County dropout rates deceptively high
Most school districts in Nevada County had lower dropout rates than the statewide 17.7 percent this year. However the county’s overall 76.8 percent was monumentally higher.
Holly Hermansen, superintendent of Nevada County schools, said county-sponsored charter schools across the state for at-risk youth – who inherently have high dropout rates – are calculated along with traditional schools in the county, dragging down the overall average.
“Historically determining a dropout rate for a district, or a county, seems inexact at best. It falls on the responsibility of the local district to monitor and address student retention,” said Marianne Cartan, superintendent of Nevada Joint Union High School District. “It is unfortunate that the state includes those numbers in our county rate.”
When calculating dropout rates, the state tallies each school’s enrollment on the first Wednesday in October, then compares that number to the entire year’s dropout numbers. For high mobility schools – such as Nevada County-sponsored John Muir Charter School and the Los Angeles Education Corps – the results can be deceptive.
John Muir Charter approached Nevada County seeking sponsorship in 1997, when the county was one of the earlier charter-friendly education areas in the state. In 2007, the L.A. Education Corps broke off from John Muir, but kept Nevada County sponsorship.
Muir’s point-in-time enrollment totaled 1,500 students at 42 sites across the state, but the school ended up having around 1,800 dropouts, said Hermansen.
L.A. Education Corps’s serves 297 students in three sites in disadvantaged neighborhoods. If an at-risk student drops out after they transfer into one of these Nevada County-sponsored schools across the state, their statistic is attributed to the county.
“People must use caution when analyzing dropout rates for schools with high mobility, such as alternative schools or dropout recovery high schools,” wrote State Superintendent Tom Torlakson in an Aug. 11 release. “In many cases, these schools serve only those students who are already at the greatest risk of dropping out of school because of their prior academic challenges. So it is also inappropriate to compare dropout rates for these schools to local comprehensive high schools.”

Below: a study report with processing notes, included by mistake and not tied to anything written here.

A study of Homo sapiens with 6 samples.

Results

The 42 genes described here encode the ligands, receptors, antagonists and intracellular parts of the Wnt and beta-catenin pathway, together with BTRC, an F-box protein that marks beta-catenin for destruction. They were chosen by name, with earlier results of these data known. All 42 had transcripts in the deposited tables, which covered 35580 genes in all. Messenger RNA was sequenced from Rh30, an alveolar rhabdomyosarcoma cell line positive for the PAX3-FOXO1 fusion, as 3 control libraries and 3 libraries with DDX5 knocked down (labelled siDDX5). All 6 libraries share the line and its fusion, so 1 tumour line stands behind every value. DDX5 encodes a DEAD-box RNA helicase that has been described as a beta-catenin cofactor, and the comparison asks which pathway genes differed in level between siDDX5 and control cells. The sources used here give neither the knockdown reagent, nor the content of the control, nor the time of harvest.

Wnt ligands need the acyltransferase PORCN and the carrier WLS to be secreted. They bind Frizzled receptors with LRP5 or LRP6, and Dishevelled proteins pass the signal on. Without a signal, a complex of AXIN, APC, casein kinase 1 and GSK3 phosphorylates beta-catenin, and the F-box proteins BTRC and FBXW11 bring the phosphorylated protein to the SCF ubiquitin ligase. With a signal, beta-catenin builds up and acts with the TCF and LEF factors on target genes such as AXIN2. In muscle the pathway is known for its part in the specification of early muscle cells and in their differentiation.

Hermansen said trying to separate the county’s traditional schools’ rates from the at-risk schools’ statistics is difficult because of the constant cycle of large numbers of recovery students in those schools. Looking individually at local school districts, she said, is a better way to gauge dropout rates.
Nevada Joint Union High School District’s 2009-10 dropout rate was 6.1 percent, a slight increase from last year’s 6 percent rate. In 2007-08, the district dropped to 4.7 percent, but the year prior it was a high of 8.5 percent. In 2005-06 the rate was 8.2 percent for the district.
Nevada Union High School had a 1 percent dropout rate for 2009-10, down slightly from last year’s 1.6 percent. The school’s high point in the last five years was a 2.8 percent in 2005-06. For the last two years, Bear River High School has maintained a low 0.4 percent dropout rate, with a 1.4 percent and a 1.1 percent in 2005-06 and 2007-08 respectively.
Offsetting those low numbers were some of the district’s alternative schools, despite their relatively low enrollment numbers. Sierra Mountain High (a college prep school) dropout rate was 46 percent among its 63 students, while the 143 students at Silver Springs High (a continuation school) had a 37.2 percent dropout rate.
But Hermansen and state officials say comparisons to previous year’s rates are difficult as this year’s data was the first time rates were calculated based on four-year cohort data collected on individual students using the California Longitudinal Pupil Data Assessment System, which differs from the methodology of previous years.
“The state has always had trouble with that number,” said Cartan.
This year’s new CALPADS data will serve as the baseline for future comparisons. In 2012, it will also replace the previous formula to determine graduation rates as required by U.S. law.
“For far too long, the discussion about graduation and dropout rates has revolved around how the results were obtained,” wrote Torlakson. “Now, we can focus on the much more important issue of how to raise the number of graduates and lower the number of dropouts.”
To contact Staff Writer Christopher Rosacker, e-mail firstname.lastname@example.org or call 530-477-4236.